New Research Findings From Pew: “Americans Favor Protecting Information Freedoms Over Government Steps to Restrict False News Online”
From the Pew Research Center:
The widespread concerns over misinformation online have created a tension in the United States between taking steps to restrict that information – including possible government regulation – and protecting the long-held belief in the freedom to access and publish information. A new Pew Research Center survey finds that the majority of Americans are resistant to action by the U.S. government that might also limit those freedoms but are more open to action from technology companies.
When asked to choose between the U.S. government taking action to restrict false news online in ways that could also limit Americans’ information freedoms, or protecting those freedoms even if it means false information might be published, Americans fall firmly on the side of protecting freedom. Nearly six-in-ten Americans (58%) say they prefer to protect the public’s freedom to access and publish information online, including on social media, even if it means false information can also be published. Roughly four-in-ten (39%) fall the other way, preferring that the U.S. government take steps to restrict false information even if it limits those freedoms, according to a survey conducted Feb. 26-March 11, 2018, among 4,734 U.S. adults who are members of Pew Research Center’s nationally representative American Trends Panel.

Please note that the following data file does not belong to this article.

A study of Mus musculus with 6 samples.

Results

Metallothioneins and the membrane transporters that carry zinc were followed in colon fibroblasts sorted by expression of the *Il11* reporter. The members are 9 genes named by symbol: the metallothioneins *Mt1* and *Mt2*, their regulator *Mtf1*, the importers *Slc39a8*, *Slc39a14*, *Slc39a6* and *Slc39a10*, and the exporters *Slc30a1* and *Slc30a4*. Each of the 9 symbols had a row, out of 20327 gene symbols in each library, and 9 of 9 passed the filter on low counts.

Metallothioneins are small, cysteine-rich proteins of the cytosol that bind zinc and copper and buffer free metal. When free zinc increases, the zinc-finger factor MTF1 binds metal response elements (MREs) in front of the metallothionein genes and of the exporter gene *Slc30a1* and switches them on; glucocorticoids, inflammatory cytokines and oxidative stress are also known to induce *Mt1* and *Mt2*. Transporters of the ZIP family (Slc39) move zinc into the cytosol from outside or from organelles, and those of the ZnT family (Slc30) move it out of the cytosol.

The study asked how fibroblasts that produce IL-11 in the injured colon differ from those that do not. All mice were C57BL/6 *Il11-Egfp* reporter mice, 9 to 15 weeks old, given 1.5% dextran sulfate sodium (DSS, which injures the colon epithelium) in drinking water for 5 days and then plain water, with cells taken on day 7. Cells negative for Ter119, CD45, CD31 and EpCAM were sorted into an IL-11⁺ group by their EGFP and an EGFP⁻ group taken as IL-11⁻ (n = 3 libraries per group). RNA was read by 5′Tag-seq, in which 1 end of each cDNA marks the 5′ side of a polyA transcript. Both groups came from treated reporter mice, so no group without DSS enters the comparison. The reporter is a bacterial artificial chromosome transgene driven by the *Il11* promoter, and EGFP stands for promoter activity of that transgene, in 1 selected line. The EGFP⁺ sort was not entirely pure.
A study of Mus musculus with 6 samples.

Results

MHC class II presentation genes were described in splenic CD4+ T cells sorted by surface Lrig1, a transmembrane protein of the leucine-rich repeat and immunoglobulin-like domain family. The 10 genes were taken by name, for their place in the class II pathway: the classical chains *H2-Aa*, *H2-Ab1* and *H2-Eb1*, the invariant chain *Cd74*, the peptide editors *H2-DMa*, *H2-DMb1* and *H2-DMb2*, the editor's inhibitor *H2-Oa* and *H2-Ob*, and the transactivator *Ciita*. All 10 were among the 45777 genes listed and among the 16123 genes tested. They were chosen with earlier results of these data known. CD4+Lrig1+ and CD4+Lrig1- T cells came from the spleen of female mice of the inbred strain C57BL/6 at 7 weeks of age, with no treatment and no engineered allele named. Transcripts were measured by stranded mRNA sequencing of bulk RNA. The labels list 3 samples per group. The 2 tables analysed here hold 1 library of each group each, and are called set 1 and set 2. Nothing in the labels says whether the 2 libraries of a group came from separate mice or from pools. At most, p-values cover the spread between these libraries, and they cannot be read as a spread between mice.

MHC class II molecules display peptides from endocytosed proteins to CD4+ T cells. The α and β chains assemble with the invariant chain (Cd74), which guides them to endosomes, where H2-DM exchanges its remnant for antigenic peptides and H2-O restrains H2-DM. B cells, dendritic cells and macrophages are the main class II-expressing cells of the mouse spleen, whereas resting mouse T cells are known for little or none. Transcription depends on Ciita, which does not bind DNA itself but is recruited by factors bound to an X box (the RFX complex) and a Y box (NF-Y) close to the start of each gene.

When the same question is posed about technology companies taking those steps, however, the balance changes. More U.S. adults (56%) favor technology companies taking steps to restrict false information, even if it limits the public’s freedom to access and publish information. By comparison, 42% prefer to protect those freedoms rather than have tech companies take action, even if it means the presence of some misinformation online.
Filed under: News
About Gary Price
Gary Price (email@example.com) is a librarian, writer, consultant, and frequent conference speaker based in the Washington D.C. metro area. He earned his MLIS degree from Wayne State University in Detroit. Price has won several awards including the SLA Innovations in Technology Award and Alumnus of the Year from the Wayne St. University Library and Information Science Program. From 2006-2009 he was Director of Online Information Services at Ask.com.